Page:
Of note and special concern to me is that one Eastern Rite patriarch, Antonios Naguib, Patriarch of Alexandria of the Copts in Egypt, will be created a cardinal. Unlike the Maronite and Chaldean patriarchs, who, while members of the Sacred College, are superannuated, that is, they are over 80 and, hence, unable to participate in any conclave to select the next pope, Patriarch Antonios, at 75, is eligible to participate in a conclave should one occur in the next four years or so. It is interesting to note that one of the items being discussed at the Synod of Bishops on the Middle East currently being held in Rome is allowing the patriarchs of Eastern Churches, who do not resign at age 75, but, like the pope, can serve until death, to participate in conclaves regardless of age and without having to be members of the College of Cardinals. When one is created a cardinal he becomes a member of the clergy of Rome. Needless to say, creating an Eastern patriarch a cardinal of the Holy Roman Church is ecclesiologically complicated and not always well-received in Eastern Catholic circles, not to mention puzzling to our Orthodox friends.
Two prelates from the U.S. are among those who will don red in November: Archbishop Raymond Burke, Prefect of the Apostolic Signatura, which is something akin to the canonical supreme court and Archbishop Donald Wuerl of Washington. D.C. Neither Archbishop Dolan of New York nor Archbishop Gomez of Los Angeles were on the list this time around. In the case of Dolan, his predecessor, Cardinal Egan, has not yet reached 80 and Gomez remains coadjutor to Cardinal Mahoney in Los Angeles, who will not turn 80 for more than 5 years.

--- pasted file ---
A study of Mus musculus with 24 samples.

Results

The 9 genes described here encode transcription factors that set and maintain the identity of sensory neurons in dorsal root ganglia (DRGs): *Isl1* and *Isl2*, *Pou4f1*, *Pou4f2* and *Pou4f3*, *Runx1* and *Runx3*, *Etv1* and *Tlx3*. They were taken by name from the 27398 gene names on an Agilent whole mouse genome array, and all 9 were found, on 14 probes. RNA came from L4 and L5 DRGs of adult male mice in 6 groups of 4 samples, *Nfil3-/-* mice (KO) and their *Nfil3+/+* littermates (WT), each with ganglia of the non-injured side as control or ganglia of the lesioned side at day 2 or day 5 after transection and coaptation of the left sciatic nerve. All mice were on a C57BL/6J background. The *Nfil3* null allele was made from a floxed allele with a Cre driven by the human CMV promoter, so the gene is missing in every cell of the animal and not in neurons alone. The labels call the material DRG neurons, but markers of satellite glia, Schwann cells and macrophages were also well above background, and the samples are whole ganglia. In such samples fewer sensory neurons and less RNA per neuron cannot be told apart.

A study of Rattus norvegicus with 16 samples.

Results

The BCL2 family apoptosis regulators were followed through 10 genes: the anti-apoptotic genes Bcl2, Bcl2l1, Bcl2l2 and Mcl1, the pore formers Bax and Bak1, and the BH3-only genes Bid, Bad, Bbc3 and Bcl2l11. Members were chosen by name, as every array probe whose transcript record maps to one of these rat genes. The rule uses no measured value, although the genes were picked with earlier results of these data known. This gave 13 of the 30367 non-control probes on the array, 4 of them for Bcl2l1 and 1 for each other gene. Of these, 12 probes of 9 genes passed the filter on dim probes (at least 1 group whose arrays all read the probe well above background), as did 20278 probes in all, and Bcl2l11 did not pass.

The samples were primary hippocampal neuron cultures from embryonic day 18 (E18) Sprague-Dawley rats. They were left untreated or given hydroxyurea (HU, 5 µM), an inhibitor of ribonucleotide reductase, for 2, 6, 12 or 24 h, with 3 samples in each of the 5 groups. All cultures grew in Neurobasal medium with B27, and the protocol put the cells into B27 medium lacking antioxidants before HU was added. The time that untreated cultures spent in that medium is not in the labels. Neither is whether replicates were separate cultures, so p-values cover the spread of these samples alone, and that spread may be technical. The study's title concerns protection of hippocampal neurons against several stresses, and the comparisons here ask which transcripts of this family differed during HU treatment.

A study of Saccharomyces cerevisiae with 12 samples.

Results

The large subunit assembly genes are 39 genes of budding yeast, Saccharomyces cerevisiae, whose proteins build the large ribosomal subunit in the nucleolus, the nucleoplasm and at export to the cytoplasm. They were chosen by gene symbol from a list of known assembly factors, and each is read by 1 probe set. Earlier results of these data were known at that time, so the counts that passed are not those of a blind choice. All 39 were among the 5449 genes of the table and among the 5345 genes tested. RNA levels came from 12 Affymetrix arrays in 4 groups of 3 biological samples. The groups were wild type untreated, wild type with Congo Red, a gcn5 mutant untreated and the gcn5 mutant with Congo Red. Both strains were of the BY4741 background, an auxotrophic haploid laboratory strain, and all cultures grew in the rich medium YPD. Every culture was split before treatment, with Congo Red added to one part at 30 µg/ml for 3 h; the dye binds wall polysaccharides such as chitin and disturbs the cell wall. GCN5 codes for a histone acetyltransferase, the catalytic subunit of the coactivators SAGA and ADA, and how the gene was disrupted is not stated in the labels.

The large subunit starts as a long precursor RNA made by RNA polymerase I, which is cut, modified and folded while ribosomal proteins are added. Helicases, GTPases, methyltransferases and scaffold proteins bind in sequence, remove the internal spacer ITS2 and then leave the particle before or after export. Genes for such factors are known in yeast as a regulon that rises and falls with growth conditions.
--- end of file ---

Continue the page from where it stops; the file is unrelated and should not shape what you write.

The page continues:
Also on the list is Archbishop Reinhard Marx, who, as archbishop of München und Freising, leads the church formerly led by the Holy Father himself, prior to his being summoned to Rome in 1981 by Pope John Paul II. I am still waiting for an English translation of the 2008 book written by Marx, who is a sociologist, Das Kapital:A Plea for Man.
Barring any untimely deaths, the creation of 20 new cardinals on 20 November 2010 will raise the number of electors for a potential conclave to 121 until 26 January 2011, when Cardinal Panafieu of Marseille, France turns 80, at which time the number of electors will be 120, the number specified in the Apostolic Constitution, promulgated by Pope John Paul II in 1996, Universi Dominici Gregis. A number Pope Benedict, unlike his predecessor, has been keen not to exceed.
As has become customary, the Holy Father has named four men cardinals as something of an honorarium, all of them entering the Sacred College already having turned 80. Staying with the precedent established when the great Dominican theologian Yves Congar was created a cardinal by Pope John Paul II, the two of these men who are not already bishops will not be ordained to the episcopacy.